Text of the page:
Northwest Military Blogs: McChord Flightline Chatter

January 22, 2016 at 7:23am

AMC - 24 years later


"The mission of Air Mobility Command pretty simply is to provide global reach for America" explained Col. Michael Zick, deputy director of operations at AMC's headquarters on Scott Air Force Base, Illinois.

Terry Johnson, a civilian and Gulf War veteran who works as AMC's director of staff for operations, called AMC "the world's largest airline."

The Air Force's experience during the first Persian Gulf War in 1991 was a major factor that led to AMC's creation just a year later. This year marks the 25th anniversary of Operation Desert Storm. Today, as U.S. troops once again operate in Iraq, many are looking back at how that conflict changed how we fight.

Saddam Hussein's invasion of Kuwait shocked the world and prompted a swift - and massive - international reaction. The U.S. Air Force was critical to the initial response.

"Our expertise is to get over there as quickly as possible, so we basically brought the initial forces over there to actually hold while we brought the preponderance of the heavy force over by sealift," said Zick.

"(Air mobility) allowed us to put enough stopping power on the ground to hold the Iraqi forces at bay until the remainder of U.S. and coalition forces arrived," added Johnson.

"Back then, we probably were thinking we had a little bit more time to react to certain events," Zick said. "What we learned from that was ‘no, we need to be ready anywhere' to actually bring America's forces to the point of need."

Experiences in Desert Storm led to several changes in the way airmen approach these logistical operations.

"We've expanded the use of night vision goggles, airdrop, we're more effectively able to integrate with other combatant commands, (and) we've looked to increase our battlespace awareness through the use of more secure communications, tactical data links, etc.," Johnson explained.

Air Mobility Command was established on June 1, 1992. It melded a worldwide airlift system from elements of the inactivated Military Airlift Command with a tanker force Strategic Air Command that had been freed from its strategic nuclear strike commitments by the dissolution of the Soviet Union.

Though the Cold War was over, the demands on the Air Force were far from reduced. Between operations in Somalia, the Balkans and other conflict flashpoints, as well as humanitarian disasters and day-to-day business, the new command has rarely had a shortage of responsibilities since its formation.

"I think it all rolls around to ops tempo," Zick observed. "If you think about it, from ‘91 to now, the mobility air forces have been engaged around the world, so the ops tempo hasn't really gone down for us."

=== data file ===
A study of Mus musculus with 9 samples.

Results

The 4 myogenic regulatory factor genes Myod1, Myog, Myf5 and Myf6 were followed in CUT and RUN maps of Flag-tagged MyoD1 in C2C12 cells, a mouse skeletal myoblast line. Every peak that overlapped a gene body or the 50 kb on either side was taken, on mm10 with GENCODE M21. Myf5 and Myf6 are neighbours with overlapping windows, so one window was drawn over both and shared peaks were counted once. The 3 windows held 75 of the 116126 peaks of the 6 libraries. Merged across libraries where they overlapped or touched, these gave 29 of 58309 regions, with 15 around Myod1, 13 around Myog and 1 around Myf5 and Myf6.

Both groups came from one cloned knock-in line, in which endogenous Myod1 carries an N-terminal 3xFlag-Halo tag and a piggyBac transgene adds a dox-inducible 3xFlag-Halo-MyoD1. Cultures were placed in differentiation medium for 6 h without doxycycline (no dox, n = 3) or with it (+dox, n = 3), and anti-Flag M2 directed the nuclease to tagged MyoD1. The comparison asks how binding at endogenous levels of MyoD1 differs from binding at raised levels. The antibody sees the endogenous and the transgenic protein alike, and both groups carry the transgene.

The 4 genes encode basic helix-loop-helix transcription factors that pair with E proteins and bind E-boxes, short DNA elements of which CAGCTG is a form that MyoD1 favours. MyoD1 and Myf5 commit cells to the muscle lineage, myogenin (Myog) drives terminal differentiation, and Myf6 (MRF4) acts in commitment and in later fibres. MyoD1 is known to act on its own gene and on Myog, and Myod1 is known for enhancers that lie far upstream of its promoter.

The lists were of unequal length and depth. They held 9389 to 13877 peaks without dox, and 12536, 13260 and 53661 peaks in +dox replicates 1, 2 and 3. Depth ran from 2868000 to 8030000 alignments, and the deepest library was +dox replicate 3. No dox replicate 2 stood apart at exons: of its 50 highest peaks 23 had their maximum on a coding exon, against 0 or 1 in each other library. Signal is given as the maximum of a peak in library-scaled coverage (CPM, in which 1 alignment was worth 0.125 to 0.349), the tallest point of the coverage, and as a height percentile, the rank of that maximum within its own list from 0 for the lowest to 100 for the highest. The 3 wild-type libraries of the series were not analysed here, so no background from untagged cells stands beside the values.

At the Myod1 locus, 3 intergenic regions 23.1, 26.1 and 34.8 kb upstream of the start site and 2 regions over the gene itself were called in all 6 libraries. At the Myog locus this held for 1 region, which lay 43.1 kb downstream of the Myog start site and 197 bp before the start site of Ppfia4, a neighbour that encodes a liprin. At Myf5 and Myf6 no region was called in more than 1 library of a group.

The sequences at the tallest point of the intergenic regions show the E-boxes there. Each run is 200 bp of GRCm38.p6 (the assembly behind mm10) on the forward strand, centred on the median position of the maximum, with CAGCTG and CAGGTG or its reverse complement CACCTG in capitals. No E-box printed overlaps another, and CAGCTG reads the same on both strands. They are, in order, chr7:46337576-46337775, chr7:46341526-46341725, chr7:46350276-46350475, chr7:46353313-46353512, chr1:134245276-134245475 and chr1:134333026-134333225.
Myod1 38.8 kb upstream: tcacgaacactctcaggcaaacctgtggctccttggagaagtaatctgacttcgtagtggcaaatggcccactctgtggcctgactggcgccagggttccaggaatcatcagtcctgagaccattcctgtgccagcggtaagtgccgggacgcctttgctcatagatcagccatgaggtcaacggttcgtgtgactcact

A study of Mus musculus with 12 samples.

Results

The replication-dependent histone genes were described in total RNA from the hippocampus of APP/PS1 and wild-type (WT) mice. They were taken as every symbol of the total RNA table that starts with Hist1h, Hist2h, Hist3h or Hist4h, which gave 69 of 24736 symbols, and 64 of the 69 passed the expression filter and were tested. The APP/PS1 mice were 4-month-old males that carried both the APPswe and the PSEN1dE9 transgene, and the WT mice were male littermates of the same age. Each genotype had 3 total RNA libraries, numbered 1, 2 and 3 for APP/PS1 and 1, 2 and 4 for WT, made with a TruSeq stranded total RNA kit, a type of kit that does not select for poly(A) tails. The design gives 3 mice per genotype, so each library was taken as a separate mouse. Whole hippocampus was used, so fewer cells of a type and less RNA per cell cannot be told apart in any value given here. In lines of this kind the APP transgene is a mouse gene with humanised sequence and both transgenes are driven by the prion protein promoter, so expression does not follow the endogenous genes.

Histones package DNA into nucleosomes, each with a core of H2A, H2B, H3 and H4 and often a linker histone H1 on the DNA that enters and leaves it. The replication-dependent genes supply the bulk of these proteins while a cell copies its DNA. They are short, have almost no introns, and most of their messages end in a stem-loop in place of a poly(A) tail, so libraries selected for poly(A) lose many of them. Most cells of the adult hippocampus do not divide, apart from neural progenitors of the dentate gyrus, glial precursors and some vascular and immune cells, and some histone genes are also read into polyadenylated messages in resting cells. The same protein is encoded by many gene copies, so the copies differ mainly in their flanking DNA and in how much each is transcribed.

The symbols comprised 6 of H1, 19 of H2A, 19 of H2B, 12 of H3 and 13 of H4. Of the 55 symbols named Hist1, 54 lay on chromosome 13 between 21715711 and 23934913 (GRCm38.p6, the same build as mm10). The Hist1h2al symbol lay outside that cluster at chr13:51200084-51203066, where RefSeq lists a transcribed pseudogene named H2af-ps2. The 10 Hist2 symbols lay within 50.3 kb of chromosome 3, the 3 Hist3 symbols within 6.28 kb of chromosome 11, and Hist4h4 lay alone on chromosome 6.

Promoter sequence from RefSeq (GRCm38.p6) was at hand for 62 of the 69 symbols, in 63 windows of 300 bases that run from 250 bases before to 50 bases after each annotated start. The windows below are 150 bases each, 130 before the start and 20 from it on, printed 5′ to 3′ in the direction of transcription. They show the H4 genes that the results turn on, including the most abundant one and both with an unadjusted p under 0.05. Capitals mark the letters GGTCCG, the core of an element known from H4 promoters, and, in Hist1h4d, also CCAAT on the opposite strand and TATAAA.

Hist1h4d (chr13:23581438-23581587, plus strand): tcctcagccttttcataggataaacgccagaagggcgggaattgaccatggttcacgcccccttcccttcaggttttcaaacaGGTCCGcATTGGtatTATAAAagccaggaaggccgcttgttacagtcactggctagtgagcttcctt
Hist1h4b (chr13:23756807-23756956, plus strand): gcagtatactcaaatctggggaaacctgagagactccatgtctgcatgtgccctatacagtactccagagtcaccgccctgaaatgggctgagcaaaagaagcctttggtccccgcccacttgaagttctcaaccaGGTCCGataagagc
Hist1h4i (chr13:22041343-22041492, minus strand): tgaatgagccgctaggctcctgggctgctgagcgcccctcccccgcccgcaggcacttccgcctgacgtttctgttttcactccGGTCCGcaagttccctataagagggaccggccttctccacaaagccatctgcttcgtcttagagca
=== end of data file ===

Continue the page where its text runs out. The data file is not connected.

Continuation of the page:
While the tempo of operations remains high, AMC is frequently finding that it has to do more with less and find creative solutions.

"As budgets have reduced, we have to be smarter about how we utilize our resources and that's both manpower and equipment," Zick explained. "(The C-17) is doing great, but we're also looking for ways to recapitalize our older tanker fleet, so as we modernize the tanker fleet, we're looking at how to send it into denied environments."

A "denied environment" is one in which the enemy has enough anti-aircraft equipment and capabilities to seriously disrupt or endanger U.S. air operations.

AMC also tries to take advantage of the military's "total force" - which includes its Guard and Reserve components.

"Whatever we're (going) to go do, it's going to be a total force effort. Our Reserve and National Guard components are coming with us," Zick said. "With (more than) half of all mobility aircraft assigned to Air National Guard and Air Force Reserve Command units, we lead the Air Force in operating as a total force."

Since 9/11, many of those operations have once again centered on the Persian Gulf and Iraq in particular. While President Barack Obama declared the official end of Operation Iraqi Freedom in Iraq and Operation Enduring Freedom in Afghanistan and thousands of troops from both countries have been withdrawn, operations continue in the region. In particular, Operation Inherent Resolve - the U.S.-led effort to battle ISIS militants in Iraq and Syria - has presented a new host of challenges.

"Really, it comes down to three things that have changed as a result to changes in our national security landscape and guidance from our senior leaders: time, distance and forward basing," explained Johnson. "As the United States draws down forward basing around the world, there's an increasing dependence on what we do. That makes us more reliant with partner nations or allies as well.